Background: None of the existing prognostic scoring systems for spinal epidural abscess (SEA) include albumin despite albumin's established role in inflammation, nutrition, lipid peroxidation, and regulation of apoptosis. The purpose of the present study was to determine the prognostic value of albumin in SEA.
Methods: We performed a retrospective, case-control study of 2 independent data sets: patients with SEA in an institutional population and patients in the National Surgical Quality Improvement Program (NSQIP). Bivariate analyses and multivariate analyses were used to determine whether albumin is an independent prognostic factor for survival in both data sets.
Results: For the 1053 patients with SEA in the institutional cohort, the 90-day postdischarge mortality was 134 (12.7%). Overall, 633 (60.1%) underwent surgery in the initial admission, with a 30-day postoperative mortality rate of 5.5% (n = 35). For the 1154 patients with SEA in the NSQIP database, the 30-day postoperative mortality rate was 3.6% (n = 42). The rate of 90-day postdischarge mortality in the institutional cohort for patients with albumin <2.3 g/dL was 25.1%. In contrast, the rate for patients with albumin >3.3 g/dL was 4.5%. On multivariate analysis of the NSQIP database, hypoalbuminemia was an independent prognostic factor for 30-day postoperative mortality. On multivariate analysis of the institutional cohort, hypoalbuminemia remained a prognostic factor for 90-day postdischarge mortality.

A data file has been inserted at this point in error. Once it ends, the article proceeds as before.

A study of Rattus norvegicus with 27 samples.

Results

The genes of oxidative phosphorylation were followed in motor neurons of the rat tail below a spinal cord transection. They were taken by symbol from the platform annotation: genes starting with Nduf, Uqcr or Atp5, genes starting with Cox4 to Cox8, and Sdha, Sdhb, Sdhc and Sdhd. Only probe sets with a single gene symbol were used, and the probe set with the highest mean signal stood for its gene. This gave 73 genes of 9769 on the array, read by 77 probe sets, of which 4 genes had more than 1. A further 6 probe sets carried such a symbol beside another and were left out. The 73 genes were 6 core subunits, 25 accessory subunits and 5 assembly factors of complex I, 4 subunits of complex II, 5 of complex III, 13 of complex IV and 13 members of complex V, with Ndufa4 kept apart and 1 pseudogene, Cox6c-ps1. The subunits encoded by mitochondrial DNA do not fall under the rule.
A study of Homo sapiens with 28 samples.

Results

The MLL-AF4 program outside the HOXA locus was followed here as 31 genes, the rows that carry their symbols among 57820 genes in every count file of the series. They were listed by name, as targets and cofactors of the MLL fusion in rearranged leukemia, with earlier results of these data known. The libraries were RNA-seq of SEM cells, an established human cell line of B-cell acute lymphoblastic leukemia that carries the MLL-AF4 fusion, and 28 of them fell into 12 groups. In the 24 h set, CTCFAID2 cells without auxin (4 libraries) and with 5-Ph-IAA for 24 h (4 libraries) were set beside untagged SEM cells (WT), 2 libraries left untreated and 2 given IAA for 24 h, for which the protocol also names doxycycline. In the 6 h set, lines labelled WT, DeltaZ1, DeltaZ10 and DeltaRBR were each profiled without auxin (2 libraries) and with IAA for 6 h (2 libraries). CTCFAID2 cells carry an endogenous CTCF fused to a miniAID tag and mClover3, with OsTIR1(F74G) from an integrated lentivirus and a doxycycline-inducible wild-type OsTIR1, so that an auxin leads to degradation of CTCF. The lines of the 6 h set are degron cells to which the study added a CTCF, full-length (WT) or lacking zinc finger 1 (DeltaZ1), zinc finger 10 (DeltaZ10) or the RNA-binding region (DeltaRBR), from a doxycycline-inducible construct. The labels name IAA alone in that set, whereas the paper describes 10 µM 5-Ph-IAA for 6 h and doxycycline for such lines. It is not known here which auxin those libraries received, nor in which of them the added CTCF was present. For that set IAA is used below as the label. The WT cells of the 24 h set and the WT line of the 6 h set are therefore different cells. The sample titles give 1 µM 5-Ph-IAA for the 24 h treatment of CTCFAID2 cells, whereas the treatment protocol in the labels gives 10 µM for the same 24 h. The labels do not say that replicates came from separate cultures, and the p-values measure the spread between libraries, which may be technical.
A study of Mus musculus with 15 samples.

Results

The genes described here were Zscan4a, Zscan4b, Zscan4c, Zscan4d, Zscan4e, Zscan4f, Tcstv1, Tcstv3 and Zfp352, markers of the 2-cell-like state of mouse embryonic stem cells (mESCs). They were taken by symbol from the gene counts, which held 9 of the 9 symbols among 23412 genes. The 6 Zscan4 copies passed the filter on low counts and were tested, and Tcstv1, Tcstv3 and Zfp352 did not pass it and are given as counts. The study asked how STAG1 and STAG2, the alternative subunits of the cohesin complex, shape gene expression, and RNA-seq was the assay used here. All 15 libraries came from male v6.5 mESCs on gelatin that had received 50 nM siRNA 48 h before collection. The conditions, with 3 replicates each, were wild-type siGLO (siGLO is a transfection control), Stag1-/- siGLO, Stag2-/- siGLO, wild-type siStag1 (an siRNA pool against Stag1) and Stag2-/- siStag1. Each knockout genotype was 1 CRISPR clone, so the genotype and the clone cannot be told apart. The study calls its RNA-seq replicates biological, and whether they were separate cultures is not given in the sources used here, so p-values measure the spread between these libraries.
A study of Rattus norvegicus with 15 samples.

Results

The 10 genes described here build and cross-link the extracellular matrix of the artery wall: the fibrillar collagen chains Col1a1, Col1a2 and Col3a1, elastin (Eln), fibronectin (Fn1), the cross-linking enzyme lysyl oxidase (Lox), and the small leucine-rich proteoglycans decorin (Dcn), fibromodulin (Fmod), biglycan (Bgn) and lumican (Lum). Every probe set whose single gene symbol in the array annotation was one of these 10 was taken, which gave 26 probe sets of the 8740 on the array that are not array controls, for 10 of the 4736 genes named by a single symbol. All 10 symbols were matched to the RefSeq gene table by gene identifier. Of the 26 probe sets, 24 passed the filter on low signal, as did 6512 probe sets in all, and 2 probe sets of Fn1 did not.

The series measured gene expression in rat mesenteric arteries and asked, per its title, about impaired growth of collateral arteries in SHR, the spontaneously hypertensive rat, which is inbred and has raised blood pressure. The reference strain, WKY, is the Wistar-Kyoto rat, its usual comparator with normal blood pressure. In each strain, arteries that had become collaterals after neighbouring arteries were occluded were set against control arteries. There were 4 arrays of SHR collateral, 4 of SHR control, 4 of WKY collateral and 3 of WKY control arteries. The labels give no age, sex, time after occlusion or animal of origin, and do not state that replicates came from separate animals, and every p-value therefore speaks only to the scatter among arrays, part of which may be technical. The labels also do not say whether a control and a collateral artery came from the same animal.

Conclusion: Albumin was validated as an independent prognostic factor in patients with SEA. The lack of this marker in existing scoring systems underscores the need for updated models to optimize risk stratification and shared decision-making before surgery.
Keywords: Albumin; Nutritional status; Prognosis; Spinal epidural abscess.
Copyright © 2018. Published by Elsevier Inc.